The litmus test of Palestinian intentions is the return demand – or what they refer to as the “right of return.” The demand for a return of refugees into Israel amounts to a fundamental, rather than tactical, rejection of any agreement – because it contradicts the partition principle.
Partition in addition to the right of return would mean that the Palestinians accept two states - yet both of them with an Arab majority. This also explains their consistent refusal to recognize the Jewish State’s right to exist. They recognize the State of Israel’s right to exist, on condition that it does not define itself as the Jewish people’s national home.
Some think that Israel’s insistence on this matter is not justified. Some of these people are anti-Zionist, yet some Zionists also think that way. The anti-Zionists argue that the objection to the refugees’ right of return attests to Israel’s racism. The fact is, they say, that Israel has a Law of Return that automatically permits Jewish naturalization, and this is being complemented by explicit objection to a Palestinian return. That is, only Jews are allowed to return.
The assumption here is that the Palestinian right of return and the Israeli Law of Return are similar or parallel – yet the similarity is deceiving.
The Law of return allows Jews to become citizens of the State of Israel. On the other hand, those who argue in favor of the right of return do not talk about a return to the Palestinian state to be established, but rather, about a return to the homes of the former refugees (as noted in UN Resolution 194.) That is, the Palestinian right of return is not similar to the Law of Return, but rather, to the same “right” demanded by the settlers – the right of Jews to live in all parts of Eretz Yisrael, including areas that will be part of a future Palestinian state.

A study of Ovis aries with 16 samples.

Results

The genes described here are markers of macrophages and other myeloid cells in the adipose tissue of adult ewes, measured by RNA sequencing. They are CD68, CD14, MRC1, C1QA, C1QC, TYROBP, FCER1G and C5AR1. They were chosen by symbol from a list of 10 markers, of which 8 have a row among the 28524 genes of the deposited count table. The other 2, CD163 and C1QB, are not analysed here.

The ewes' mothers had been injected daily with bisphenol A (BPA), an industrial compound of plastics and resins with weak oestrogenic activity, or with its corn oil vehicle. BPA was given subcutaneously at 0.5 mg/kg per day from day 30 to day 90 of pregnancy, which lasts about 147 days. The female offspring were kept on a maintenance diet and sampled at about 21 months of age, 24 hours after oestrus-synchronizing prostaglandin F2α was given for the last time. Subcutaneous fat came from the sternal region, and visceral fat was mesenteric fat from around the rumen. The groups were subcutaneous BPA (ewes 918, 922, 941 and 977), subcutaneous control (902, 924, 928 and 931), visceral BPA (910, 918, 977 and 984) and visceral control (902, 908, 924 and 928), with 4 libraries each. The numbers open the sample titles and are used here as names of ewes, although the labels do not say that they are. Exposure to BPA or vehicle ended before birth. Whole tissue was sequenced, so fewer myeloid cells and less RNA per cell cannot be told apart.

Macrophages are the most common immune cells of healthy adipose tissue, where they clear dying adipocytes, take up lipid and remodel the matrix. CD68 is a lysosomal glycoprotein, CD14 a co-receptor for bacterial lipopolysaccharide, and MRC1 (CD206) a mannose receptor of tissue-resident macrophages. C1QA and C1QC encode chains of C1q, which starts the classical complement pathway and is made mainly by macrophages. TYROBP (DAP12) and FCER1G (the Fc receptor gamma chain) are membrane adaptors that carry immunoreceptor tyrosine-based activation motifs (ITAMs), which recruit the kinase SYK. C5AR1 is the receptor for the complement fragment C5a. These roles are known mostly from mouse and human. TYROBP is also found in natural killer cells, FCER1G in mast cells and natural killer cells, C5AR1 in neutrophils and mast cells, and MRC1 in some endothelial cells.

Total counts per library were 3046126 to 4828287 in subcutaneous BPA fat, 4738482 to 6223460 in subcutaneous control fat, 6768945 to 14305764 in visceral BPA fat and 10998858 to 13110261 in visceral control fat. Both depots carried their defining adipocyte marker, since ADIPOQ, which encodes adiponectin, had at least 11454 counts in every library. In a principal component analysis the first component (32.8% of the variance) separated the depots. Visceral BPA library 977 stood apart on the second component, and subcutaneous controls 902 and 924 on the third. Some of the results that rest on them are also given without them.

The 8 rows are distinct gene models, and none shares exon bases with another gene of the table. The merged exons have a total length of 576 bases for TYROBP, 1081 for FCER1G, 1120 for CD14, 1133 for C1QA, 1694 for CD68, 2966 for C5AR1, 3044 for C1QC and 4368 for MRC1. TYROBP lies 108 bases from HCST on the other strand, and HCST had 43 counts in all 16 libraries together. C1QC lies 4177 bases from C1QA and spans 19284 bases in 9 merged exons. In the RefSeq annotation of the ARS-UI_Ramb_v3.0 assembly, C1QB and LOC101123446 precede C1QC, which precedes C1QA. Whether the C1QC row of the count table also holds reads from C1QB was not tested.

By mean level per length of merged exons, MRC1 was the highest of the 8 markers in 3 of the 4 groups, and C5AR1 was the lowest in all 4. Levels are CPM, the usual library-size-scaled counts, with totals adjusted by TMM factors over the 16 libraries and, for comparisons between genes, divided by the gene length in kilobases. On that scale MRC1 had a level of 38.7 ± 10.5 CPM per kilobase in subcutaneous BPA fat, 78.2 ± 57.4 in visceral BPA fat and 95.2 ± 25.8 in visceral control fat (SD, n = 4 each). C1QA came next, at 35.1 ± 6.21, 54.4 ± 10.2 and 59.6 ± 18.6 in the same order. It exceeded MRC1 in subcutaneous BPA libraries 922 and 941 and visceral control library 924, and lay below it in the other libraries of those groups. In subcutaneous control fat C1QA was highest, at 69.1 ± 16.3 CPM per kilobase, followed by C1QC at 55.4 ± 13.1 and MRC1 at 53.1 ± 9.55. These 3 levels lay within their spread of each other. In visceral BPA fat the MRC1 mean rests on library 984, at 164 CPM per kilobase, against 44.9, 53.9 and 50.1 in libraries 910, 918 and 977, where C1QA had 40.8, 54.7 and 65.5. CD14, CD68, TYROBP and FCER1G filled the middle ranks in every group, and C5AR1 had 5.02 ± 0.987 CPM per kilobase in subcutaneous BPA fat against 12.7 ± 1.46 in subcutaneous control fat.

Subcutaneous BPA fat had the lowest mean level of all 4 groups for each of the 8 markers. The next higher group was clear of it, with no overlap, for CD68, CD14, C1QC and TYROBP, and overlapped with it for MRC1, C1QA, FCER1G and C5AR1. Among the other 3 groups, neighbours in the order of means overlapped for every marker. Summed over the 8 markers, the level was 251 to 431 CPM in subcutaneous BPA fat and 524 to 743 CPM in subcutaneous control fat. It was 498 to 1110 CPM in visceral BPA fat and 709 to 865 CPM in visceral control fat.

The Law of Return is justified when it pertains to a people with a Diaspora, such as the Jewish people. The European Union, which comprises several states with similar laws, also recognized this kind of legislation (for example, in the case of Poland, Greece, Germany, and Finland.)
Once the Palestinians will have a state, they too will be entitled to a law of return, which will allow the Palestinian Diaspora to return – but not to the State of Israel or to their “former homes.” They will have the right to become citizens in their own nation-state, just like the Jews have this right in their own state. Hence, members of the Palestinian Diaspora will not have a right to become citizens of Israel, just like we shall not have this right in Palestine.
However, some Zionists who recognize the legitimacy of the Law of Return nonetheless believe that Israel can recognize the right of return – on condition that the Palestinians announce that there will be no mass return in practice. This is a dangerous argument. First of all, because international law does not recognize the right of return, and UN Resolution 194, which both the Palestinians and Jews rejected at the time, does not have the status of law.
The moment Israel recognizes such right, it will become binding in terms of international law. And then, should the return of Palestinian refugees into the State of Israel be recognized, renouncing this right in practice may not be valid. As such return would become a personal matter, each and every one of the millions of Palestinian descendents would be able to demand a return to Israel, and this right will be applicable regardless of the numbers worked out between the Israeli and Palestinian leaderships.
The result would be an inability to separate into two states.
From an Israeli point of view, that would be a disaster: The end of Zionism. Yet this will also constitute the end of the Palestinian national dream. A perpetual civil war will deprive them (and not only us) of the possibility for political self-determination.